ECT ( Electroconvulsive therapy )


ECT ( Electroconvulsive therapy )

What is ECT?  It stands for electroconvulsive therapy, formerly known as electroshock, a psychiatric treatment in which seizures are electrically induced in anesthetized patients for therapeutic effect.

ECT therapy is most often recommended for use as a treatment for severe depression which has not responded to other treatment, and is also used in the treatment of mania and catatonia.

Electroconvulsive therapy can differ in its application in three ways: electrode placement, frequency of treatments, and the electrical waveform of the stimulus.  These three forms of application have significant differences in both adverse side effects and positive outcomes.  After treatment, drug therapy is usually continued, and some patients receive continuation/maintenance ECT.

Immediately following treatment the most common adverse effects are confusion and memory loss.  The state of confusion usually disappears after a few hours.  Some patients experience muscle soreness after ECT.  This is due to the muscle relaxants given during the procedure and rarely due to muscle activity.

It is the purported effects of ECT on long-term memory that give rise to much of the concern surrounding its use.  The acute effects of ECT can include amnesia, both retrograde (for events occurring before the treatment) and anterograde (for events occurring after the treatment).  However, the vast majority of these effects are short lived.  Memory loss and confusion are more pronounced with bilateral electrode placement rather than unilateral, and with outdated sine-wave rather than brief-pulse currents.  The vast majority of modern treatment uses brief pulse currents.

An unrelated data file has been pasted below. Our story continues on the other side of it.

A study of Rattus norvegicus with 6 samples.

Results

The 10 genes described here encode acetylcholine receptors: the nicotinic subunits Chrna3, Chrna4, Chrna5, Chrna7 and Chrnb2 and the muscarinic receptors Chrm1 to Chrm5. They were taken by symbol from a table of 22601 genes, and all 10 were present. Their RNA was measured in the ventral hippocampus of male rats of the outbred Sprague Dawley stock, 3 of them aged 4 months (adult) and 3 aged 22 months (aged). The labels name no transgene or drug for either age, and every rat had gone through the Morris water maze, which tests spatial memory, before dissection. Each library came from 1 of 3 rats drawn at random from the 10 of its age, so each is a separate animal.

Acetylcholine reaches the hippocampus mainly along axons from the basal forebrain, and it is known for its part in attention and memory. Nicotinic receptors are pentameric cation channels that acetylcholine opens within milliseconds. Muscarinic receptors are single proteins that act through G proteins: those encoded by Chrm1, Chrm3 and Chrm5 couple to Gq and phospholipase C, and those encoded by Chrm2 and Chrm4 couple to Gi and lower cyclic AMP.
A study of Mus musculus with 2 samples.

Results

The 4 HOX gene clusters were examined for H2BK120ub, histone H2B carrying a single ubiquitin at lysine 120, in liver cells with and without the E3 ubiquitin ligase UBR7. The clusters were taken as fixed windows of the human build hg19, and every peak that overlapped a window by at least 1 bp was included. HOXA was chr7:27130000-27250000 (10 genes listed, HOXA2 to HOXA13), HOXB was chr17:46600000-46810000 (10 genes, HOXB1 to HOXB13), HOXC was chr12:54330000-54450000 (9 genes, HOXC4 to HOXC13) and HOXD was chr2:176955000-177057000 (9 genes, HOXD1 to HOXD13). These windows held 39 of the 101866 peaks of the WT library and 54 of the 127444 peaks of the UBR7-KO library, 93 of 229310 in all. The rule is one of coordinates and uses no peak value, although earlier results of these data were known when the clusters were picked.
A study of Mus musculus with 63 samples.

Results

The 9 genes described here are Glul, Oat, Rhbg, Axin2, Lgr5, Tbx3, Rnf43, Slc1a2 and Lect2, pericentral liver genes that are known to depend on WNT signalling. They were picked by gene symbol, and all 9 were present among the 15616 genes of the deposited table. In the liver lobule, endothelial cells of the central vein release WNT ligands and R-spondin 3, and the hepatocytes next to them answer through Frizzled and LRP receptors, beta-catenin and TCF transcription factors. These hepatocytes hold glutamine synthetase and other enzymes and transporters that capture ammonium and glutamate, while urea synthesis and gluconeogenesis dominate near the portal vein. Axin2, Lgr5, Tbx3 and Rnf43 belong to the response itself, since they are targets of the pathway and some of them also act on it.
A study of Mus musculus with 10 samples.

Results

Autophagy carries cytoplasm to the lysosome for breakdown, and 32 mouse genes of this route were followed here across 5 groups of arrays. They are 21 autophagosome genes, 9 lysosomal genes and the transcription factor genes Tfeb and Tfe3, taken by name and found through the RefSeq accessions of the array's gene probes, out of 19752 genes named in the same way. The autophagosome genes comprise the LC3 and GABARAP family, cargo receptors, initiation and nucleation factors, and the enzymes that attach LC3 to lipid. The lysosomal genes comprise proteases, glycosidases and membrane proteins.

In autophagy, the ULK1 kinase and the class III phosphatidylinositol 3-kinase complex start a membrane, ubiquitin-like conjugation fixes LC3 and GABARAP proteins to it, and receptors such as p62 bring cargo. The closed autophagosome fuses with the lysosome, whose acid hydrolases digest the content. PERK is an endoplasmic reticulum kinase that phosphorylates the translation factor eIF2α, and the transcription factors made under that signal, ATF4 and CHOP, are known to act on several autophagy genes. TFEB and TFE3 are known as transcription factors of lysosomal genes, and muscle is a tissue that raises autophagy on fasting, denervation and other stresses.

Italian Professor of neuropsychiatry Ugo Cerletti, who had been using electric shocks to produce seizures in animal experiments, and his colleague Lucio Bini developed the idea of using electricity as a substitute for metrazol (a high dose medication used to cause convulsions) in convulsive therapy and, in 1937, experimented for the first time on a person.  Sherwin B. Nuland, having discussed the matter with a first-hand observer in the 1970s, gave the following description of the results of the first use of ECT on a person:

“They thought, ‘Well, we’ll try 55 volts, two-tenths of a second. That’s not going to do anything terrible to him.’ So they did that. […] This fellow — remember, he wasn’t even put to sleep — after this major grand mal convulsion, sat right up, looked at these three fellows and said, ‘What the fuck are you assholes trying to do?’ Well, they were happy as could be, because he hadn’t said a rational word in the weeks of observation.”